The Tongan born winger scored 149 tries in 152 appearances for Wigan and famously dotted down five times on his Gloucester debut. Justifiably there was a lot of hype and excitement surrounding Vainikolo's selection in the England squad, with articles along the lines of 'The Volcano's is ready to erupt' filling up the Sports pages.
Unfortunately the excitement and hype have so far been unjustified. Vainikolo seems like a nice guy and hopefully he won't turn out to be the scapegoat of the Twickenham prawn sandwich brigade. Let there be no doubt, the current England team is poor.
But Vainikolo's displays up to now have been poor. He has looked hesitant in attack and dodgy in defence. Maybe if England hadn't self destructed against Wales his transition into the fifteen man game at international level might have been a bit easier.
While he is a proven finisher and has been starved of scoring opportunities, Vainikolo doesn't seem to have the counter-attacking nous of last year's outstanding player David Strettle. Strettle was top class in the game against Ireland at Croke Park last year, showing that a talented winger can play well even when the rest of the team's on the back foot.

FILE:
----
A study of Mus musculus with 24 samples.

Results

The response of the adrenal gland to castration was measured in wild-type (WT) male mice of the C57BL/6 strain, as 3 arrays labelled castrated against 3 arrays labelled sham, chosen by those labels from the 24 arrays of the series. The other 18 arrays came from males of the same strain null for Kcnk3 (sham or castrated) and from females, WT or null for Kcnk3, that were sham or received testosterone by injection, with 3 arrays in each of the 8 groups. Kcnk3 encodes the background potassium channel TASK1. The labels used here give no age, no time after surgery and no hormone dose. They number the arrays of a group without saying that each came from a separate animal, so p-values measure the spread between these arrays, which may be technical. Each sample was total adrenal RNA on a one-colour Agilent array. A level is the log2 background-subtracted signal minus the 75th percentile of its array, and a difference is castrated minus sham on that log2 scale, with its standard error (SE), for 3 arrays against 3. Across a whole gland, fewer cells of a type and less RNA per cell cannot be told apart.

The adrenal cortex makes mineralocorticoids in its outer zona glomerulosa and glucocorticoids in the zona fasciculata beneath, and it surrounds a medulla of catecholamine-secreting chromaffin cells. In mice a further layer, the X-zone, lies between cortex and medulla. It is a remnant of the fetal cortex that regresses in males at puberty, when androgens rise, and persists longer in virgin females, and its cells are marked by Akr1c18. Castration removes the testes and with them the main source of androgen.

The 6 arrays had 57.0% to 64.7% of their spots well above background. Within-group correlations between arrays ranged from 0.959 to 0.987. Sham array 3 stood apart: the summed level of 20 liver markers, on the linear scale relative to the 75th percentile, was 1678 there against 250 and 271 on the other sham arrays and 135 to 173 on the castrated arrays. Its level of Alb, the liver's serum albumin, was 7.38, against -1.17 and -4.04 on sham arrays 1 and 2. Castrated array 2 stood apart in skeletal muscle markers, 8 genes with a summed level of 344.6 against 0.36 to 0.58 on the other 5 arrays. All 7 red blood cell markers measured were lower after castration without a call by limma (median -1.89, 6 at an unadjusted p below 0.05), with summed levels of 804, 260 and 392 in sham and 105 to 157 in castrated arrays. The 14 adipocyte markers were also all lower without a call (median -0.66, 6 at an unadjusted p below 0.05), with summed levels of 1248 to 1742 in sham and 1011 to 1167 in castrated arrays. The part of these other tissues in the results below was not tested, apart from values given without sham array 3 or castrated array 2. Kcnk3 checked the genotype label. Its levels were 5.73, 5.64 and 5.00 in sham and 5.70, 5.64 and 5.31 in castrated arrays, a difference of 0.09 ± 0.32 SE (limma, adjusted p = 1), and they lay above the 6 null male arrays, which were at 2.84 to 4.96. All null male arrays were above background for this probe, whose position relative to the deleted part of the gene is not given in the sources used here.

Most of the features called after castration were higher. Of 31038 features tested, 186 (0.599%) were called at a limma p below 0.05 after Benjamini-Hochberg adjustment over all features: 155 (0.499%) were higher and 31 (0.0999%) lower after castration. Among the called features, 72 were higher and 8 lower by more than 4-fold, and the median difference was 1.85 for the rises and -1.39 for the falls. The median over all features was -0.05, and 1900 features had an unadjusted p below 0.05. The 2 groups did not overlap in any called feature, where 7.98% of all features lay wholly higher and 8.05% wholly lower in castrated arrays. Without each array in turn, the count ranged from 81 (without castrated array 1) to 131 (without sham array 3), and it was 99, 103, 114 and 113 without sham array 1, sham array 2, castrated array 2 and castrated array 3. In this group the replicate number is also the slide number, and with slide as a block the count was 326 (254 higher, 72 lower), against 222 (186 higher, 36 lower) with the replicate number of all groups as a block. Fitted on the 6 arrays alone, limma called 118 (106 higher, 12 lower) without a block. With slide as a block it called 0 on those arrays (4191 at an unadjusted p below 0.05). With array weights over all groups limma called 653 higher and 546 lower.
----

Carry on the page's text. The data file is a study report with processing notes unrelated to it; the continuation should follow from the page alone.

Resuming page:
In contrast to the hulking frame of Vainkolo, this year's stand out player in the Six Nations has been pint sized Wales winger Shane Williams. His billy whizz style running and unpredictable line breaks have lit up a tournament that, for all it's history and prestige, has so far been as dull as dish water.
Vainikolo still has one more game to prove himself in this year's championship and the selection of Cipriani at 10 could see England actually pass the ball across backline, giving the Gloucester winger a chance to finally prove his doubters wrong.